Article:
Amazon.com (NASDAQ:AMZN) launched an amazing phone. But not amazing because of what it can or cannot do. It's amazing in an altogether different way. Amazon.com's phone is amazing for what it tries to do. It tries to pass off a mid-tier phone for a high-end, flagship, phone.
First, its specifications are mid-tier
There's no denying that a 720p display only comes with mid-tier phones at this point. Even cheap high-end devices are at 1080p or higher (though truth be said, the usefulness of going higher than 1080p is debatable).
And there's no denying that the Snapdragon 800 was last year's SoC for high-end phones. This year the market has moved on that regard as well, to the Snapdragon 801 and 805, which are faster and consume less power.
As for the 3D gimmick, both the always-on cameras and more specifically the parallax effects are going to be costly in terms of battery power. Running 3D effects on the display is the same as running a game, you can imagine what always on gaming would do to your battery life (I wonder how the reviewers are going to account for this, as the battery life will be different with a static and moving phone).
In short, the Amazon.com Fire Phone is worse in every specification when compared to flagships such as the Samsung S5 or LG G3. It is comparable in specifications to the Motorola X, and somewhat worse than the Nexus 5.
Second, and this is the best part, the price is outlandish
While the Fire Phone shares mid-tier specifications, it at the same time commands a high-end price. It costs $199 with a 2-year AT&T contract or $649 unlocked. This is iPhone 5S / Samsung S5 / LG G3 territory. It's also double the price of the comparable (spec-wise) Motorola X and Nexus 5.
Think about it. It costs double the price of comparable products, which run full Android and thus have access to a much wider selection of apps, along with all the Google services.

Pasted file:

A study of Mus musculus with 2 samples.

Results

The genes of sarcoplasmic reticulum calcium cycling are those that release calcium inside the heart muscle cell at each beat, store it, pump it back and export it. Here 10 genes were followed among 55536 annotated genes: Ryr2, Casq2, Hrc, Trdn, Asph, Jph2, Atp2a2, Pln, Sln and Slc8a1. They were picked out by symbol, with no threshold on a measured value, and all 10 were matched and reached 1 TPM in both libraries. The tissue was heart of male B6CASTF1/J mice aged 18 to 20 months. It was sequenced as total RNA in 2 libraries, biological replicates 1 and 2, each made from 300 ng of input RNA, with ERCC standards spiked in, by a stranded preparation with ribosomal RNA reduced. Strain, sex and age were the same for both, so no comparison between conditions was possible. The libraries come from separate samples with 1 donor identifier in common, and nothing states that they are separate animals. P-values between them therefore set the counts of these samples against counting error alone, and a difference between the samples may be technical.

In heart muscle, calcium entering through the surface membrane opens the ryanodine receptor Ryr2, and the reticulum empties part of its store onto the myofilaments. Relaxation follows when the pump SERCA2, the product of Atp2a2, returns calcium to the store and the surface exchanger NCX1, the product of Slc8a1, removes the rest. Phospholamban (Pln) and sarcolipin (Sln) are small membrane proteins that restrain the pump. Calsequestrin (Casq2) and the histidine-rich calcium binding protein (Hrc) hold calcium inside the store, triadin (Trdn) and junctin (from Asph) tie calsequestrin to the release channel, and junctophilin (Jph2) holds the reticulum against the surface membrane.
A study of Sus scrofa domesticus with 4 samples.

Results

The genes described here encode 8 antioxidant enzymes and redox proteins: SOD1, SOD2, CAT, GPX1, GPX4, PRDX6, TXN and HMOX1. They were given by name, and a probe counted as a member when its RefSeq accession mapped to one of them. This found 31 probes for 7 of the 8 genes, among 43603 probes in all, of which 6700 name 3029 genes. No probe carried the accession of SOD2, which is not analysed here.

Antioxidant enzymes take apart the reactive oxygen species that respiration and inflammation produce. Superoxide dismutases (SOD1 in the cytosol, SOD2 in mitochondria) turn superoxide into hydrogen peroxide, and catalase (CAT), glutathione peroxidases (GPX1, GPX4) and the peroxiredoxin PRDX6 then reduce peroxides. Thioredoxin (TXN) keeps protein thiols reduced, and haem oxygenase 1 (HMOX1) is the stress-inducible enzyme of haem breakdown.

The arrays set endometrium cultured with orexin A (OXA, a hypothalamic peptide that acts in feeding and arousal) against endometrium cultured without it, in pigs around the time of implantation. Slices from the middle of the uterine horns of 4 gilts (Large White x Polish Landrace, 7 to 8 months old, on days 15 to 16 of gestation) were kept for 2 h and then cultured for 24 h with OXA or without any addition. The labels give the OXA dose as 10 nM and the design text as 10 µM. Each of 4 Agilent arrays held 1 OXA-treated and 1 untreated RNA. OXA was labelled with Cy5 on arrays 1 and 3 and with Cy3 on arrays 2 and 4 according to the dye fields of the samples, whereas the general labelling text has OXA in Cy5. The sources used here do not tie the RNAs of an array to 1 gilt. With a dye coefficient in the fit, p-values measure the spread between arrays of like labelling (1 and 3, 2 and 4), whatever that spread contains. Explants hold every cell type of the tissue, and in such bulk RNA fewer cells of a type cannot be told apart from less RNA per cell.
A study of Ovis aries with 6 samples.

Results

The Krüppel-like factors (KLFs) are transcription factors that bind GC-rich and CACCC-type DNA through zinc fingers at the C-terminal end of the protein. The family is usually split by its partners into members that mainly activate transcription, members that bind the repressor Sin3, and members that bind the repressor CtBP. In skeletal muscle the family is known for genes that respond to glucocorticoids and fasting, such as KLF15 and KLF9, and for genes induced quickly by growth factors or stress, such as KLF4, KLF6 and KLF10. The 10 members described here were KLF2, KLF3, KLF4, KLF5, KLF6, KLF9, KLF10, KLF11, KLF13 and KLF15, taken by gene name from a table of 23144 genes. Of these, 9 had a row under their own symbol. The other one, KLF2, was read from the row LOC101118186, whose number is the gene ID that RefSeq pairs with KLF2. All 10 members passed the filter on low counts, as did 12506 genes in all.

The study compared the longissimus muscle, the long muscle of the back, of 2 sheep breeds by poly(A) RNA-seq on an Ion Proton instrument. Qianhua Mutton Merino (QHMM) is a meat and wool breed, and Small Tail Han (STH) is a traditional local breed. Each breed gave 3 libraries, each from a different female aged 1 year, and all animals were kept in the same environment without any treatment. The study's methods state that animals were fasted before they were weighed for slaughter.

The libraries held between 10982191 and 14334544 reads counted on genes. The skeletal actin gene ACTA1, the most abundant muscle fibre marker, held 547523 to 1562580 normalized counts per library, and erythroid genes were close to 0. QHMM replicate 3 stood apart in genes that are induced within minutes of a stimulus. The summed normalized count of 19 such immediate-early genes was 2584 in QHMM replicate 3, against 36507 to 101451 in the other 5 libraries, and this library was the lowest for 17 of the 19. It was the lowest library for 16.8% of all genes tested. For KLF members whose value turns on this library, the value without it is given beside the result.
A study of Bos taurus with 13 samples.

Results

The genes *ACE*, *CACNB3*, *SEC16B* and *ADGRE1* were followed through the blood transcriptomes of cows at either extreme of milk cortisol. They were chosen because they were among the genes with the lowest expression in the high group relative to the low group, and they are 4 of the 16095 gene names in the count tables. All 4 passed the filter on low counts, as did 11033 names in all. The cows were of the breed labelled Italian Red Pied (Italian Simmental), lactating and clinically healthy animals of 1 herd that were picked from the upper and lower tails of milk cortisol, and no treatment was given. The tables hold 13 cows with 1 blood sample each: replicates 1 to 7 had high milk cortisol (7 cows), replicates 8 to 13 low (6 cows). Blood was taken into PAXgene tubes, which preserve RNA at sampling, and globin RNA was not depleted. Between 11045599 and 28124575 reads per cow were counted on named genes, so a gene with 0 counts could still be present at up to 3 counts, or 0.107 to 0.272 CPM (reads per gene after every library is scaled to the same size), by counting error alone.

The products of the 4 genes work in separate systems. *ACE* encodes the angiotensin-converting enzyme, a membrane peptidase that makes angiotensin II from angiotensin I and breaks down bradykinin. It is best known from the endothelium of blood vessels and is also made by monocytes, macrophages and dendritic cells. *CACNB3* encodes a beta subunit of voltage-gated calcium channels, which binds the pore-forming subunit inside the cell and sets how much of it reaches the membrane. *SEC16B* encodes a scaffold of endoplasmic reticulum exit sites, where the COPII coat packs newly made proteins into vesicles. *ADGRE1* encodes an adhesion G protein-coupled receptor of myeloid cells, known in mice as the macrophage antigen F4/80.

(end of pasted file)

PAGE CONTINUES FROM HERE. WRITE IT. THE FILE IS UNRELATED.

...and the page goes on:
This phone is thus a bet on the ignorance of Amazon.com customers who might be fooled by the AT&T carrier subsidy, or at most a bet that some Prime customers will be so engrossed by Prime as to take a massively unfavorable deal on the phone.
This phone is profitable
Contrary to Amazon.com's supposed "sell hardware at cost, make it up on content" philosophy, the Fire Phone is highly profitable. I'd expect the BOM to come at around half the phone's cost at most. So this time if Amazon.com manages to sell a lot of these incredibly mispriced phones, it will make money.
Indeed, it makes one suspicious just why Amazon.com is now so aggressively trying to make money that it's willing to misprice a phone so much. You can imagine that the customers buying the phone will at some point end up discovering that they've been had.
The Kindle Fire 8.9" gives us a clue
It isn't actually the first time Amazon.com tries to make good money selling hardware. When it decided to sell the Kindle Fire 8.9" tablet at $379 it was playing the same game.
Yet, by pricing that particular tablet at premium prices, what happened? The tablet languished. It ended up 40th-50th in Amazon.com's best sellers' list, a place at which it was probably just selling hundreds of thousands of tablets per year at most. Today it dropped even further, to 63rd.
That precedent is showing us what happens when Amazon.com tries to sell at a large mark up: it doesn't sell much. After the initial buzz around the Fire Phone, I expect the same to happen. The phone won't sell much - it can't, it's clearly too expensive for what it offers.
Maybe some customers will be fooled by the $199 price with the mobile carrier contract, I see no other way for this phone to sell anything decent. And even those would have to be oblivious to the fact that an iPhone 5S costs the same when paired with a carrier contract.
It's a massive mystery why Amazon.com chose to price its Fire Phone so expensively. Were this phone to sell and it would impact Amazon.com's profitability positively, but at this price it requires deep ignorance of the smartphone market to even contemplate buying the phone. It requires ignorance of what the alternatives cost, both inside and outside a carrier contract.
My own take is that the phone has little chance of selling in high numbers. The phone is an attempt to "stick it to the Prime customer." We'll see how it does.
Disclosure: The author is short AMZN. The author wrote this article themselves, and it expresses their own opinions. The author is not receiving compensation for it (other than from Seeking Alpha). The author has no business relationship with any company whose stock is mentioned in this article.